4 months ago
Just a few of the provocative titles gracing best-seller lists (and probably a prominent display at your local bookstore) at the moment.
Clearly, Americans are searching for real insight in the age of “fake news.”
To help you wade through the fluff, we reached out to politicians both red and blue — most of them first-time candidates in 2018 — for their recommendations on the 13 best books about American politics.
To kick it off? In Fire and Fury, Michael Wolff’s Barnes and Noble-clearing account of the Donald Trump White House, the author offers an intriguing reading suggestion from none other than Steve Bannon:
“In the early days of the transition, Bannon had encouraged the Trump team to read David Halberstam’s The Best and the Brightest,” Wolff writes.
“[It] was a handbook about the characteristics of American power and routes to it. Not just the right schools and right backgrounds, although that, too, but the attitudes, conceits, affect, and language that would be most conducive to finding your way into the American power structure … A college-age Barack Obama was smitten with the book, as was Rhodes Scholar Bill Clinton.”
Hold on. Bannon, Obama and Clinton have something in common? That’s reason enough to pick up the book, even if you’re not accustomed to taking book recommendations from a man who allegedly filled his bathtub with acid.
For advice from more reputable sources, try the suggestions below, as curated by candidates that range from a self-styled progressive Republican to Paul Ryan’s most formidable opponent, known to most as “Iron Stache.”
Lindsay Brown (R)
Running for: U.S. House, New Jersey, District 7
Book recommendation: The Righteous Mind: Why Good People are Divided by Politics and Religion
“Haidt is a moral psychologist who has spent much of his career studying human value systems and why we are so emotionally charged by what we perceive as moral transgressions and morality. In [this book], he lays out the evolutionary basis for morality and our current two-party political system, explaining why politics make us so emotional (and why politics are driven by emotion) and why we dehumanize members of the other party. Ultimately, what Haidt conveys is that humans have a shared set of core values but each camp is talking about those values in a completely different language.”
Brown’s other suggestions: The New Jim Crow by Michelle Alexander, White Working Class by Joan C. Williams, Shattered by Amie Parnes and Jonathan Allen, and Don’t Think of an Elephant! by George Lakoff
Fayrouz Saad (D)
Running for: U.S. House, Michigan, District 11
Book recommendation: Ratf**ked: Why Your Vote Doesn’t Count
“It is a very detailed description of what lead us to the current district drawings we have and how the Republican party organized to gerrymander state and federal districts. It is insightful but also helped me understand the state of our political environment, how we got here and how much work Democrats still have ahead of them to take back state and federal seats.”
Dean Phillips (D)
Running for: U.S. House, Minnesota, District 3
Book recommendation: Founding Brothers: The Revolutionary Generation
“An outstanding collection of stories about the relationships between Burr, Jefferson, Hamilton, Franklin, Adams, Madison and Washington and the challenges they faced in navigating the newly established United States through uncharted waters in the late 18th century. It’s a reminder of both the fragility and durability of the American experiment as well as how our first political parties formed, and it illuminates issues with which we continue to grapple over 200 years later.”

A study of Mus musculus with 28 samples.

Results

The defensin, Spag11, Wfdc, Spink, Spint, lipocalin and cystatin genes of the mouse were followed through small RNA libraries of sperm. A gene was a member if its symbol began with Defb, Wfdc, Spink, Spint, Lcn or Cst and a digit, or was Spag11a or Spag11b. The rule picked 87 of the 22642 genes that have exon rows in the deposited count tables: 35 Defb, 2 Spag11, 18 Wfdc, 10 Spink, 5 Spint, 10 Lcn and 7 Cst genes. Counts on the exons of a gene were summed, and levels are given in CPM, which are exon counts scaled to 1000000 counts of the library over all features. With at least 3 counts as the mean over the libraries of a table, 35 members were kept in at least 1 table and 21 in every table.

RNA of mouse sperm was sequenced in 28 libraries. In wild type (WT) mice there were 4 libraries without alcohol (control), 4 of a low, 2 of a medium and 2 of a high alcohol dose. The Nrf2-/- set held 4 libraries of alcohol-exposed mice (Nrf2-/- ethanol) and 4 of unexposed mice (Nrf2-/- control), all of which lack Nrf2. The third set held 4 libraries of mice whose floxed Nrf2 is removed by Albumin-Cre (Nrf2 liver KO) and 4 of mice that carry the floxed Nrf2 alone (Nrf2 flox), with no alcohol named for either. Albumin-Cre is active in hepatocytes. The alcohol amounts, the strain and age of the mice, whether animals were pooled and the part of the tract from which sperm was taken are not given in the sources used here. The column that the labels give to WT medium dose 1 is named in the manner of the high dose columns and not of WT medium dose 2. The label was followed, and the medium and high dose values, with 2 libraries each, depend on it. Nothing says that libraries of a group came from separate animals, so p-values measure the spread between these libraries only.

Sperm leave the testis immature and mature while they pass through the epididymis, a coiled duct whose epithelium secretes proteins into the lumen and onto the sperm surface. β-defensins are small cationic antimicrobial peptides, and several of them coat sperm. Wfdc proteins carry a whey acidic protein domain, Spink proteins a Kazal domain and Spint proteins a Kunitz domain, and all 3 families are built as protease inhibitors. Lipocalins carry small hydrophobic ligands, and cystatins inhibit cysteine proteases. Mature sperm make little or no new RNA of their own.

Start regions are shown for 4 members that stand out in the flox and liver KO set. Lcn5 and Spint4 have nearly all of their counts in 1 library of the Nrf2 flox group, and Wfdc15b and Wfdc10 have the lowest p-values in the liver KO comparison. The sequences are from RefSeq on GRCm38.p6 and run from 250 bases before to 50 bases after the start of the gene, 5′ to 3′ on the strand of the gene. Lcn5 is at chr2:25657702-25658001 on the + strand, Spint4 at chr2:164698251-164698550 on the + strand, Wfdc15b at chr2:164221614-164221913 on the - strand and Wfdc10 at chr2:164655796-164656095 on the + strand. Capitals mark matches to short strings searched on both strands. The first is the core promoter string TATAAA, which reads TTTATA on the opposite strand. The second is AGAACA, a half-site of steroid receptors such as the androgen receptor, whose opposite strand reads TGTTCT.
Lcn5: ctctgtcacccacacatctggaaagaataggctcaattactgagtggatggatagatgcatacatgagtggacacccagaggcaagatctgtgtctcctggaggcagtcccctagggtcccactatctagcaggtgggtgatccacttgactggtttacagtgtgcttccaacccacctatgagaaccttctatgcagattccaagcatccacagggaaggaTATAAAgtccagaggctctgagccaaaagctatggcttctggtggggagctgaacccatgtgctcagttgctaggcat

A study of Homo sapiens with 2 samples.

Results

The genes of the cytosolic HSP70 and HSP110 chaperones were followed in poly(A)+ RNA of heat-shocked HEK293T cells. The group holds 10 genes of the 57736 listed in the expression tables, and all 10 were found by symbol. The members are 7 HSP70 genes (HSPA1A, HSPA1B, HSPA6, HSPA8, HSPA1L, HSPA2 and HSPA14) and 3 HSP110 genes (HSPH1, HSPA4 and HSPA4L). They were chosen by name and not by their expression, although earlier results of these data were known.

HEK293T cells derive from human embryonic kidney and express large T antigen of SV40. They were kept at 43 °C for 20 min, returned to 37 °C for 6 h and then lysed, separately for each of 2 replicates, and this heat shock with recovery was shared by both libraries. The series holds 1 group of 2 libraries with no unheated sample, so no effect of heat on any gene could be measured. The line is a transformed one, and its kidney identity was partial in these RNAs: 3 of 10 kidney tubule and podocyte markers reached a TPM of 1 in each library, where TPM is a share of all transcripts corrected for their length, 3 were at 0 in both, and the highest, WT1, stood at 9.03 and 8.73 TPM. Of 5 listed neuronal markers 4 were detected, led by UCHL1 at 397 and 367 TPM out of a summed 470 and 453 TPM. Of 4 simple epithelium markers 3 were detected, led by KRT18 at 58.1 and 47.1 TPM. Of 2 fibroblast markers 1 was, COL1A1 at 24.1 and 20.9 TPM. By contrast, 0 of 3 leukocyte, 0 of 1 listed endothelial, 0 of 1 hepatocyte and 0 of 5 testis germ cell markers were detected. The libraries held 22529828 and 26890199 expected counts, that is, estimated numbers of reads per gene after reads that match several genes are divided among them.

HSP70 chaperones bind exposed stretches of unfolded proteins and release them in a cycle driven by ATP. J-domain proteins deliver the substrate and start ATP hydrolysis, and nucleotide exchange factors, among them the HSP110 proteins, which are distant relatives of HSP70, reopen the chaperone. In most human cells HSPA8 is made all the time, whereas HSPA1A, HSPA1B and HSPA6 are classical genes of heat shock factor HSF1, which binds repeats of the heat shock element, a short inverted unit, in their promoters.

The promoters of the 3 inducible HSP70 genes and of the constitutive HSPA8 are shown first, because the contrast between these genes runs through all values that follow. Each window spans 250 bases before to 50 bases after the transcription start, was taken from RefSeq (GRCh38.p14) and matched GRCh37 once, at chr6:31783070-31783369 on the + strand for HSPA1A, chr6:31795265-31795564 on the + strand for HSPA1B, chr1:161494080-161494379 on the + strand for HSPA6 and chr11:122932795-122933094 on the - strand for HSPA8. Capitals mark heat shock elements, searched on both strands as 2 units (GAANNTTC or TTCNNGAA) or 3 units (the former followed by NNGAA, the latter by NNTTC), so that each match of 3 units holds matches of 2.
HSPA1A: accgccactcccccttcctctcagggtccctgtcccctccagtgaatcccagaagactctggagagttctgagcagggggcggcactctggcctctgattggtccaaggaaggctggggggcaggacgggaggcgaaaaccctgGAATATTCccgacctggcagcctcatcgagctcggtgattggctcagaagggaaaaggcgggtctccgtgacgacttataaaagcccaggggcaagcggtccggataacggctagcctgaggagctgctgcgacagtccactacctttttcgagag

Dave Min (D)
Running for: U.S. House, California, District 45
Book recommendation: Capital in the Twenty-First Century
“Piketty highlights the impacts of income inequality, and is applicable to the issues our country faces today. We must work to create a more level playing field for our working families and make sure that everyone has a fair shot at the American Dream, of which economic mobility is the cornerstone.”
Morgan Zegers (R)
Running for: New York State Assembly, District 113
Book recommendation: Jack Kemp: The Bleeding-Heart Conservative Who Changed America
“Jack Kemp was a prominent Republican in Washington, but above all, he was a proud American. [This book] highlights his ability to reach an end goal by building coalitions and bringing people together. Kemp’s ability to get results is laid out in this biography and encourages the reader to take on the same problem-solving mentality that is much-needed at this time in American politics.”
Haley Stevens (D)
Running for: U.S. House, Michigan, District 11
Book recommendation: The Rise of Theodore Roosevelt
“In order to understand the present, we must know the past. Morris’s account of Roosevelt’s remarkable life and rise to political prominence at the turn of the last century is a must-read account of a legendary president and the events that influenced his approach to leadership.”
Carlos Menchaca (D)
New York City Council Member, District 38
Book recommendation: Making a Global Immigrant Neighborhood: Brooklyn’s Sunset Park
“Hum’s book paints a very detailed picture of how Sunset Park — one of the neighborhoods I represent at the New York City Council — became the very diverse community it is today. The book explains how Chinese and Latino immigrants have become key players in the development and advancement of the neighborhood. What’s happening in Sunset Park is not an isolated case, therefore, this book is a must-read for those interested in finding out how our immigrant communities are shaping our neighborhoods and ultimately influencing our city policies.”
Randy Bryce (D)
Running for: U.S. House, Wisconsin, District 1
Book recommendation: Giannis Antetokounmpo: The Inspiring Story of One of Basketball’s Rising Superstars
Bryce recommends this biography “because politics could use more sportsmanship these days.”